Fight for religious freedom, tolerance ‘central battle’ in Middle East: Tony Blair

OTTAWA – Former British prime minister Tony Blair gave his personal blessing Wednesday to two controversial pillars of the Harper’s government’s foreign policy — a new religious freedom office and its handling of the Middle East.

Blair lauded the government for setting up an Office of Religious Freedom in the Foreign Affairs Department — a decision that has exposed the government to criticism from rights groups and political opponents.

And in a rebuke of critics who say the Conservatives have tilted too far towards Israel, Blair heaped praise on Canada — and Foreign Affairs Minister John Baird, personally — for what he called a huge and immense contribution towards the Israeli-Palestinian peace process.

The effusive endorsements from the respected international statesman came during a visit to Ottawa, where he said the fight for religious freedom and tolerance is the “central battle” being waged in the Middle East.

Blair is now the Middle East peace envoy for the so-called Quartet, which was set up a decade ago to negotiate peace between Israel and the Palestinians. It’s comprised of the United Nations, the European Union, the United States and Russia.

He’s also the founder of the Tony Blair Faith Foundation, his post-political enterprise that builds on his devout Christianity. Blair converted to Catholicism from the Anglican church after serving as prime minister.

Blair made it clear that he sees a powerful connection between his two jobs, and that he’s happy Canada sees the world as he does.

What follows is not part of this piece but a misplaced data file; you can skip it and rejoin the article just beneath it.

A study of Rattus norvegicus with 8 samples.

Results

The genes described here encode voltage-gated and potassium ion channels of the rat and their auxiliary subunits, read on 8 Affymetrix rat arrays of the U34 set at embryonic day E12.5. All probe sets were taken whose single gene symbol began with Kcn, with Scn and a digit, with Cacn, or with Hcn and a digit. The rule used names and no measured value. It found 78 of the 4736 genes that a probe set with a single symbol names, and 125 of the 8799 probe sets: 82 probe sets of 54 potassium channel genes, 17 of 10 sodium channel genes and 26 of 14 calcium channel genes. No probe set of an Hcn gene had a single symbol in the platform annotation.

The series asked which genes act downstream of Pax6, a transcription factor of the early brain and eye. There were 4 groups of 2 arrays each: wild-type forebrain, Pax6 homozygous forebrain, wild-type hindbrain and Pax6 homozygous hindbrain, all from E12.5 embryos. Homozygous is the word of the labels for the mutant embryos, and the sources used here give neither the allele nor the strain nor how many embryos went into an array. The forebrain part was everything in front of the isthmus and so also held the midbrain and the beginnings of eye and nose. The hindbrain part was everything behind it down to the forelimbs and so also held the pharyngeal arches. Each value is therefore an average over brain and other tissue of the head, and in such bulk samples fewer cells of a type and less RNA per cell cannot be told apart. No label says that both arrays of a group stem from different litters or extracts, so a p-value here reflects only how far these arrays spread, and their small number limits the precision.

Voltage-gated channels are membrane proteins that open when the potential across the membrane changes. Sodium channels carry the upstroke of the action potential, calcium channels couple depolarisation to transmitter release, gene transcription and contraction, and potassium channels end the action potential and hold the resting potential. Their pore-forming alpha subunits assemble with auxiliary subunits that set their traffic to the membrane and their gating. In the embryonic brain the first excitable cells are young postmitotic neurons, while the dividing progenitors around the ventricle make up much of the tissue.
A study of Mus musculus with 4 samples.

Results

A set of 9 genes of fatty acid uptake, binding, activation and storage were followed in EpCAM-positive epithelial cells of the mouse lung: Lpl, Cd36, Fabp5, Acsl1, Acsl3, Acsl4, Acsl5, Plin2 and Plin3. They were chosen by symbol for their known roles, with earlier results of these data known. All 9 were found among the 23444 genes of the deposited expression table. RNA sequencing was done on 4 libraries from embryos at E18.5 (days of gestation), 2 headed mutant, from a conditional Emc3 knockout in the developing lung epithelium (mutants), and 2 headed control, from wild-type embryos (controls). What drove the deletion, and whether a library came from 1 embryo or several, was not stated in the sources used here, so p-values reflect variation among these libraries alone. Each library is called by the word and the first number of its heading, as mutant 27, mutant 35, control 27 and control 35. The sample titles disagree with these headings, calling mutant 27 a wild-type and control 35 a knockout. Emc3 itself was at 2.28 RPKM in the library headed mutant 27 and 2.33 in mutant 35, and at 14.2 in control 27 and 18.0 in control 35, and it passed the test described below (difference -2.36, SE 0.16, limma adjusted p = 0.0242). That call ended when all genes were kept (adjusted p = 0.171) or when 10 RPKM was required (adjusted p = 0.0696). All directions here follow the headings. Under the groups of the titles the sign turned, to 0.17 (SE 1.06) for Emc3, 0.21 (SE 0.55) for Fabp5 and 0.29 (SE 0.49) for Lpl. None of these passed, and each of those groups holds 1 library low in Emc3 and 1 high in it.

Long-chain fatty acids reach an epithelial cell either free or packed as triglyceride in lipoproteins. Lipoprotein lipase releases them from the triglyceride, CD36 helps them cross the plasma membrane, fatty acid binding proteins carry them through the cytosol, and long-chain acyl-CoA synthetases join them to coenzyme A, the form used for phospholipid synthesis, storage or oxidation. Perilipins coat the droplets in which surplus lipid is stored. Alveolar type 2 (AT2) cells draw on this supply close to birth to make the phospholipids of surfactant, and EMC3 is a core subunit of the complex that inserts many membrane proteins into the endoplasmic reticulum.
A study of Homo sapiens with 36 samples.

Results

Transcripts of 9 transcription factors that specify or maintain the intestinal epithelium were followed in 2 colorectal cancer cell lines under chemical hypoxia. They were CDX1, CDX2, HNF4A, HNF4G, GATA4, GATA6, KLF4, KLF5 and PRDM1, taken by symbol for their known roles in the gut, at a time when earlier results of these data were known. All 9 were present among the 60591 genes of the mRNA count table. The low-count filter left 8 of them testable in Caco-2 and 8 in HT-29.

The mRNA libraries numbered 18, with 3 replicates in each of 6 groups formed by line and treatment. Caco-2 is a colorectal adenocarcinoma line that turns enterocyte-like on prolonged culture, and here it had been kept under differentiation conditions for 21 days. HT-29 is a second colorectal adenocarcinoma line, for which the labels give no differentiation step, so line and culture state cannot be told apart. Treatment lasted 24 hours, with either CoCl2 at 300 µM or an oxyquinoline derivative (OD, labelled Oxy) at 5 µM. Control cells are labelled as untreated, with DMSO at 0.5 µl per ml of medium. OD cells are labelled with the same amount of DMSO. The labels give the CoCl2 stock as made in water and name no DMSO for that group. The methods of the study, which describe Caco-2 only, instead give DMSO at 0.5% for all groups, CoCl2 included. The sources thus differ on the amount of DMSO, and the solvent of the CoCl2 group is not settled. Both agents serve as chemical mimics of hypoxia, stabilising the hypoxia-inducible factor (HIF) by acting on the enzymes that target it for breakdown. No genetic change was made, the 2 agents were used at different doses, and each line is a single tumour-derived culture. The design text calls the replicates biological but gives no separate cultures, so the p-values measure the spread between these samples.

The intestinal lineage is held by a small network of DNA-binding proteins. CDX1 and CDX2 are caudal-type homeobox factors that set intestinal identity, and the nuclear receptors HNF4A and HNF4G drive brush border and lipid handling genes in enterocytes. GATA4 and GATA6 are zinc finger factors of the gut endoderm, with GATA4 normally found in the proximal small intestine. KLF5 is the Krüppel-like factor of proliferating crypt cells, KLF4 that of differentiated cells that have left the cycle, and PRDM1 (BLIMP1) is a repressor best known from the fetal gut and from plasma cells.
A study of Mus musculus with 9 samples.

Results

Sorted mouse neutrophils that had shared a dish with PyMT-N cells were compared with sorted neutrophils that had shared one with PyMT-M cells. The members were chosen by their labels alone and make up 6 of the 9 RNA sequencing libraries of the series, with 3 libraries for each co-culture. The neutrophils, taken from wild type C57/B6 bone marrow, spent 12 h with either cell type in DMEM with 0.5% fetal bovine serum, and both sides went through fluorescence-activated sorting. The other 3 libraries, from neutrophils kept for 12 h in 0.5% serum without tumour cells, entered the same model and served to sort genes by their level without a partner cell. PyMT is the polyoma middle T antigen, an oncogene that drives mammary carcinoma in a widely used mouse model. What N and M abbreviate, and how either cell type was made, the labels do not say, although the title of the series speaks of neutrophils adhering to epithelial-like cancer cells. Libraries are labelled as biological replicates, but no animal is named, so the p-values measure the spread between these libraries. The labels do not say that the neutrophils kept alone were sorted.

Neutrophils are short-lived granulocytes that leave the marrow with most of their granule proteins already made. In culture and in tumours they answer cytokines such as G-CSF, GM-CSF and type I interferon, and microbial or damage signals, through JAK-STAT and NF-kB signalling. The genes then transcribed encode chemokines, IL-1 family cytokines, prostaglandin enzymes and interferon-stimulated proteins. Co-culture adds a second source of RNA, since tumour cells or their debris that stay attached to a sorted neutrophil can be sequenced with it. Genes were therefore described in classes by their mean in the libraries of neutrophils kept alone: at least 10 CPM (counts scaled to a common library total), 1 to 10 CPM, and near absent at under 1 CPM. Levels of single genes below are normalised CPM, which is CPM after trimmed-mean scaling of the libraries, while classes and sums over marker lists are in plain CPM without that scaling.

“This issue is central … I think the very fact that Canada’s taken the step to have an Office of Religious Freedom is a great sign,” Blair said in a speech to diplomats, religious leaders and public servants at Foreign Affairs headquarters that was hosted by Canada’s new religious freedom ambassador, Andrew Bennett.

“I think it shows leadership from Canada. And Canada, by the way, in many ways is a perfect place from which to promote this ideal because of the complexion of the country.”

Blair said religious freedom has to be equated with all other human rights — something that critics of the new Canadian office have objected to in the past.

“All over the Middle East, all over the region, I think there is one central battle that is going on,” Blair told an earlier joint news conference with Baird.

“And that is between the open-minded people who want societies that are tolerant and respectful and promote religious freedom, and those who are close-minded and who don’t like people who are different, and want to impose a certain view of religion on society — which is very damaging.”

Blair met earlier with Baird and emerged to publicly endorse Canada as a vital player in the peace process, citing its economic support of the Palestinian Authority.

Blair appeared to rebut the view that Canada has lost ground with Arab and Muslim countries because of its unwavering support of Israel.

“I know from the meetings we’ve had out in the region, and also what people in the region say, the position of Canada today is immensely important and has been hugely constructive in trying to bring the right type of politics and the right type of future for the regions,” Blair said.

“Mr. Baird, personally, and the Canadian government have really played an immensely constructive part in this, in the past few months particularly as we’ve re-launched the process.”

Baird recently pledged to extend Canadian aid to the Palestinians, calling it some of the best development money the country has ever spent. He and the visiting Palestinian foreign minister, Riad al-Malki, exchanged warm words last month in hopes of healing old wounds.

With the Israelis and the Palestinians embarking on new peace talks amid internal skepticism from inside both camps, Canada’s continued political support is valuable, Blair said.